Monday, June 19, 2017

Warping the loom for a baby wrap

I'm making progress on getting the loom all warped up for the next batch of baby wraps. I'm working a bit each day, so I make sure I can get these completed and out to their new owners before I take off for vacation/family reunion in July. As I'm working, I'm remembering how much I like working with this yarn. It is 10/2 mercerized Valley cotton from Webs, and is just lovely and shiny slipping through my hands.

So, first up is the calculation part. I remember back in high school deciding that I'd never use math again, so I didn't have to worry about it. Boy was I wrong. Weaving is really just visible math. You've got to figure out how many threads, of what colors, at what length to get the effect you want. So each project sees me with pencil, paper, and a calculator in hand.

Then it is time to measure out the threads. I create the gradation of color as I go along, by changing colors every 2-4 threads. That makes for a lot of cutting and tying knots. I've tried other methods, but ended up with nasty tangles when I tried to get the warp onto the loom. This takes me a bit of extra time, but I like the results better.
I'm putting on 21 yards of warp this time around. That gives me enough for 3 five meter baby wraps. One for my mama client, one for the new testing regulations, and one more sister wrap. My client gets first dibs on the sister, so we'll see whether or not it ends up on the open market or not.
There! The warp is all measured out, and the color changes 'programmed' in.
Next up, I work on getting the warp onto the loom. I'm warping front to back, so my first step is to sley the reed. Or, in other words, I hook the threads through the slotted piece of metal at the front of the loom. That spreads the threads to a nice even width. Also? I learned that sley and slay are from the same Old English root word slea, meaning 'to strike'. I'll use the reed, which used to be called the sley, to beat or strike the weft threads into place in the weaving process. Words are neat.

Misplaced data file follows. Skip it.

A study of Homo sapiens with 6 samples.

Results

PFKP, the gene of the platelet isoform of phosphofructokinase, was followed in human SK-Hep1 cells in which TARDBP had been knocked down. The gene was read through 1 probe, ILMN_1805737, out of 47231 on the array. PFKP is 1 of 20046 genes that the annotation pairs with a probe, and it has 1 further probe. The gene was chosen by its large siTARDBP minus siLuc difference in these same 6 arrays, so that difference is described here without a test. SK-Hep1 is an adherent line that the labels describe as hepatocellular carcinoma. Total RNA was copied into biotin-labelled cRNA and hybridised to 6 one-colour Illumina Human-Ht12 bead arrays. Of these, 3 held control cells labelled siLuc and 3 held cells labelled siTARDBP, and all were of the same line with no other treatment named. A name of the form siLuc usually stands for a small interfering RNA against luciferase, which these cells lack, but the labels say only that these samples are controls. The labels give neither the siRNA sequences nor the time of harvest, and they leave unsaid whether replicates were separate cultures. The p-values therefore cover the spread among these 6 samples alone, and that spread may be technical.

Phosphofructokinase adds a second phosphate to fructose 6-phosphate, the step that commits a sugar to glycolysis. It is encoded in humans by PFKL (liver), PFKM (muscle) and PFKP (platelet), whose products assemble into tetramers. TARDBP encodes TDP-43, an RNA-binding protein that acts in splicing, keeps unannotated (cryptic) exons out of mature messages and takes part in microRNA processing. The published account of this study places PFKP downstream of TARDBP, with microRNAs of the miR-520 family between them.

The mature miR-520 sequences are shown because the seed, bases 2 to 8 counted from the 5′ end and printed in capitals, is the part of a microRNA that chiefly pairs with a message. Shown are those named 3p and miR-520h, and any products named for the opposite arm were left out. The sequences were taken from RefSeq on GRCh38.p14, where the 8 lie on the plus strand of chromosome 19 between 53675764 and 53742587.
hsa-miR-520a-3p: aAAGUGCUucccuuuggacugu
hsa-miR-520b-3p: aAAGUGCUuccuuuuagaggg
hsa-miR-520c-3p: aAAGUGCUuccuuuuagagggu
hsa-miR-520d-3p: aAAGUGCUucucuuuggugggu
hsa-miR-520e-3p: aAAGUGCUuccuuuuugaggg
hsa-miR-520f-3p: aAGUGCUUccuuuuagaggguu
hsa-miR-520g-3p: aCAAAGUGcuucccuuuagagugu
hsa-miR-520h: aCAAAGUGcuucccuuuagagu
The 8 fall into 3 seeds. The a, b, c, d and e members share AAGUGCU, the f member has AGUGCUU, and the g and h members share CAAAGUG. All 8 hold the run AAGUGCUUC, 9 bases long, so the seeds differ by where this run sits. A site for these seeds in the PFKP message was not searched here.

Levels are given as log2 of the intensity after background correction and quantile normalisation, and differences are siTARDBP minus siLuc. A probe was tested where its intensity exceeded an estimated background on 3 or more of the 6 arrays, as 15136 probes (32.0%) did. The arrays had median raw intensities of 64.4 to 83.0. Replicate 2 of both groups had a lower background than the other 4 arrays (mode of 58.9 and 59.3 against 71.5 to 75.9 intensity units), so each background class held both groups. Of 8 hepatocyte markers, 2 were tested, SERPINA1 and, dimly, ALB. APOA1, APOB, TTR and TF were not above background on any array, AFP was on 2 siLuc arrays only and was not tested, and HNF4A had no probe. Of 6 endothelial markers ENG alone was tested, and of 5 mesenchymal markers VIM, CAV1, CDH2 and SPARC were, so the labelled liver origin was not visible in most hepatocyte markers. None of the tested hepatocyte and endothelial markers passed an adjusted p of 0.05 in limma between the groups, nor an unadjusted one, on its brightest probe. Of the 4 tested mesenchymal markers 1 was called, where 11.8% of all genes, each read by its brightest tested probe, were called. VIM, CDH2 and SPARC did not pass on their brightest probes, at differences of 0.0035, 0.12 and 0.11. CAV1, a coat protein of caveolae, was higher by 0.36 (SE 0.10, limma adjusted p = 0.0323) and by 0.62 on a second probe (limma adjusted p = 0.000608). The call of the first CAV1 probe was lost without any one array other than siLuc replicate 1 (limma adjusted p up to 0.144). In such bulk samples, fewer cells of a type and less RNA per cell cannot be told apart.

From there, the threads each get their own heddle, which will control when it raises and lowers in the weaving process. 760 threads, hooked one by one by one...
Once they're all through, the end of the warp gets tied onto the back apron rod of the loom.
There! Through the reed, through the heddles, and tied on. I love this part. This is where I get my first real glimpse to see how well the color blending worked out. I'm rather pleased by this one.
My client chose pretty colors, didn't she?

Today's job will be to wind all 21 yards back onto the back warp beam of the loom, to store it until it is ready to be woven. This is a fiddly bit, because it needs to be under perfectly even tension. More later, after I get that part done. But I'm making progress!


  1. The colors are AMAZING. And only another weaver knows how much work goes into winding that warp and changing colors that often......will you use 10/2 as weft as well???

    1. *happy grin* Thank you! That means a lot coming from someone whose work I admire. :)

      Yes, I'll use 10/2 for the weft as well. It gives a nice, sturdy, but flexible fabric when it is finished. My client mama had another 10/2 plain weave wrap I did, and specifically came back to me to order another one because she likes the way it works for her that much.